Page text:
Jock Paget has a double-handed grip on proceedings at the end of cross-country day at the Land Rover Burghley CCI**** (England) on Sept. 7. Occupying the top two spots with Clifton Promise and Clifton Lush, the Mitsubishi Motors Badminton Horse Trials (England) winner has given himself every chance of adding the Burghley trophy to his expanding collection of silverware.
“I had a few hairy moments on both horses, including one at the Cottesmore Leap (fence 21) on Promise, when we almost jumped a fence judge,” revealed the New Zealand Olympian. “The jump judge was apparently flagging me down to stop from the side of the fence because the Ground Jury wanted to look at Promise’s nose, which had spots of blood on it. I saw her waving a flag as I came round the corner, but by that time I had seen my distance and was committed on my stride.”
Having ascertained that Promise had bitten his tongue but that it was not adversely affecting him, Paget was allowed to carry on. Coincidently, he’d also been stopped mid-course on his first horse.
“Whereas the hold helped Lush [who had knocked his nose with his knee], it wasn’t really in Promise’s favor,” he said. “It took a while to get him back in his stride and focused again.”
Lush was stopped because he had an awkward jump over fence 6 and bumped his nose with his knee causing it to bleed a little bit. “The vet wanted to make sure it wasn’t coming from the lungs, and once he could tell that he let me go,” said Paget.
Watch a fly through of the course.
Jock and Promise have a fence in hand for tomorrow’s show jumping. On a distinctly Kiwi dominated leaderboard, Andrew Nicholson lies in third, fifth and eighth places with his trio of rides, Avebury, Nereo and Calico Joe. Avebury and Calico Joe were two of only three horses to beat the clock and finish under the 11:24 optimum (the third was Clifton Lush).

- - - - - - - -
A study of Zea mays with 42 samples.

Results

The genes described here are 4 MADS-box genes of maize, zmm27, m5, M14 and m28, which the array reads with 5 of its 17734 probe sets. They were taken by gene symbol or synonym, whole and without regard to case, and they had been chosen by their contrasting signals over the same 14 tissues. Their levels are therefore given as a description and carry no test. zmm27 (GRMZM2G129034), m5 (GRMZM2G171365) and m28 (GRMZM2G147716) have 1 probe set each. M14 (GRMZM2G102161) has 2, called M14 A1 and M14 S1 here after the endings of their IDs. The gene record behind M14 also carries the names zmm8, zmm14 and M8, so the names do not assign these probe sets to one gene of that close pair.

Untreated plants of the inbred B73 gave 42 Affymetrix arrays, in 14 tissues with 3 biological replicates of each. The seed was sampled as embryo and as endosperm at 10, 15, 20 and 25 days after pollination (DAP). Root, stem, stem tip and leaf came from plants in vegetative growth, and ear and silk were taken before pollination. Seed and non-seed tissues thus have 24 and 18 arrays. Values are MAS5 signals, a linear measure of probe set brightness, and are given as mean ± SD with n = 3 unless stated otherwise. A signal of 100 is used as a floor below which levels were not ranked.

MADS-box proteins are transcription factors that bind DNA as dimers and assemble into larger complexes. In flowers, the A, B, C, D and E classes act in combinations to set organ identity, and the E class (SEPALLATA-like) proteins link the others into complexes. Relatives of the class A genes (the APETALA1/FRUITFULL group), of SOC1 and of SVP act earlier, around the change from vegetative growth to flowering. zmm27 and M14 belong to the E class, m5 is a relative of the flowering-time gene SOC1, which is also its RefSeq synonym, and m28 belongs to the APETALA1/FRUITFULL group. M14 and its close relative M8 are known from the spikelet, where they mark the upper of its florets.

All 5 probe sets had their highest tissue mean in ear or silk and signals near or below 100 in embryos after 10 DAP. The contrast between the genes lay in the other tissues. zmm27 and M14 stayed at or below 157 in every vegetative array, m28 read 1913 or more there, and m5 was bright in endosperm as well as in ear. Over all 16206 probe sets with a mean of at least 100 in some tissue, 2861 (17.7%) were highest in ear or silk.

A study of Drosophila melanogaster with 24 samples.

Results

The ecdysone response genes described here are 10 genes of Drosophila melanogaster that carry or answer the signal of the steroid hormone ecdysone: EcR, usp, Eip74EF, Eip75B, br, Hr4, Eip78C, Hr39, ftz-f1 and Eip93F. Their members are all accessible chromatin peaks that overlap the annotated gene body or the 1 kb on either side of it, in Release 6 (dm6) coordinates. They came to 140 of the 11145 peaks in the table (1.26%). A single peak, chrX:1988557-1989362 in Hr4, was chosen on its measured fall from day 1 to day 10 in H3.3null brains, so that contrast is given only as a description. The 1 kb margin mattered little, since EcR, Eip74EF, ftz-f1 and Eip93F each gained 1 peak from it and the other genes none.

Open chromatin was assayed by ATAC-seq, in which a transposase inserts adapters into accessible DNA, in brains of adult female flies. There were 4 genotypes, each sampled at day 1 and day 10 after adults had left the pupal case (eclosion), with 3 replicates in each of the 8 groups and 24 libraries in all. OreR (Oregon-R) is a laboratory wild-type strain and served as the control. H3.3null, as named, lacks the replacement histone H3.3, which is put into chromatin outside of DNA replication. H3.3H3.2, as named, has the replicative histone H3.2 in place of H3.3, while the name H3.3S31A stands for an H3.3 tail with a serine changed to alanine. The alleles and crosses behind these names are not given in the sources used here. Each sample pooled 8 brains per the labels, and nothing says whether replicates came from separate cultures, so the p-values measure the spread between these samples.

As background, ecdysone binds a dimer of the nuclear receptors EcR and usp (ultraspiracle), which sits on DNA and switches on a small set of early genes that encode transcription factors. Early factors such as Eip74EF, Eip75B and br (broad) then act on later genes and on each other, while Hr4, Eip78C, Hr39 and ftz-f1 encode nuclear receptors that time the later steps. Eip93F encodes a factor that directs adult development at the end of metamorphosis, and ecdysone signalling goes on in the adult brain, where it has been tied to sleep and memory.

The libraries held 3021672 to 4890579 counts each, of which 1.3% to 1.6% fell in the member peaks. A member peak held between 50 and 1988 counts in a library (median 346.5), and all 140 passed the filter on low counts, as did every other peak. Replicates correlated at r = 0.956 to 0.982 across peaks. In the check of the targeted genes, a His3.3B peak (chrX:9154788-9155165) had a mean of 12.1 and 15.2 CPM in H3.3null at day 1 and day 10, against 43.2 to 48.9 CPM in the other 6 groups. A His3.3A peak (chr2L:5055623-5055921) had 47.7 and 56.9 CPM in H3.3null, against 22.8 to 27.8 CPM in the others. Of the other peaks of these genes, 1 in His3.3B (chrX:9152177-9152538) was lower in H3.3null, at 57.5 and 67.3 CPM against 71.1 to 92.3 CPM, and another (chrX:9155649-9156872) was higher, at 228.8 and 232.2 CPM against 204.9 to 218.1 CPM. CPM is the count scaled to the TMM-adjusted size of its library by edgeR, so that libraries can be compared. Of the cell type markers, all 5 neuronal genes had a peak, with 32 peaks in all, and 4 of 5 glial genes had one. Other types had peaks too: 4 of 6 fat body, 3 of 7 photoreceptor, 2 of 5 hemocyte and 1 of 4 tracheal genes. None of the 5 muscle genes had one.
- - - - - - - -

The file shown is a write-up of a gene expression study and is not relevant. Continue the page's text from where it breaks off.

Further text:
“Calico Joe [Andrew’s first ride] is a very fast horse,” said Nicholson. “I thought that if the other riders saw me go the long route at the Land Rover Dairy Farm and still make the time, it might work to my advantage as they might think the time is do-able. But I know just how fast the horse is; they don’t.
“Avebury was pretty much foot-perfect all the way round and really enjoyed nipping up and down the hills, whereas I always knew it would be harder for Nereo with his massive stride,” continued Nicholson. “He wanted to jump some of the little mounds at the beginning of the course, so it felt like I was going over extra fences.”
Just 1.3 penalties separates second to fifth places with Great Britain’s William Fox-Pitt and Parklane Hawk occupying fourth spot on 42.3 having added 0.8 time penalties.
“All the way through he felt like he was doing the time, and then he suddenly wasn’t,” said Fox-Pitt. “He was magic and straight all the way, so I’m really frustrated to be two seconds over when it felt like I was on the clock all the way.”
Germany’s Ingrid Klimke, who had been in second with Butts Abraxxas, fell to seventh with 9.2 time penalties.
The lone U.S. entry, Buck Davidson and Park Trader parted company at fence 20 but are both OK. Canadian rider Rebecca Howard turned in a clean round with a few time penalties aboard Riddle Master to sit 17th.
Of the 62 cross-country starters there were 39 clear rounds, three of them inside the time.
“It was a brilliant course,” said Fox-Pitt. “Long may it stay like this.”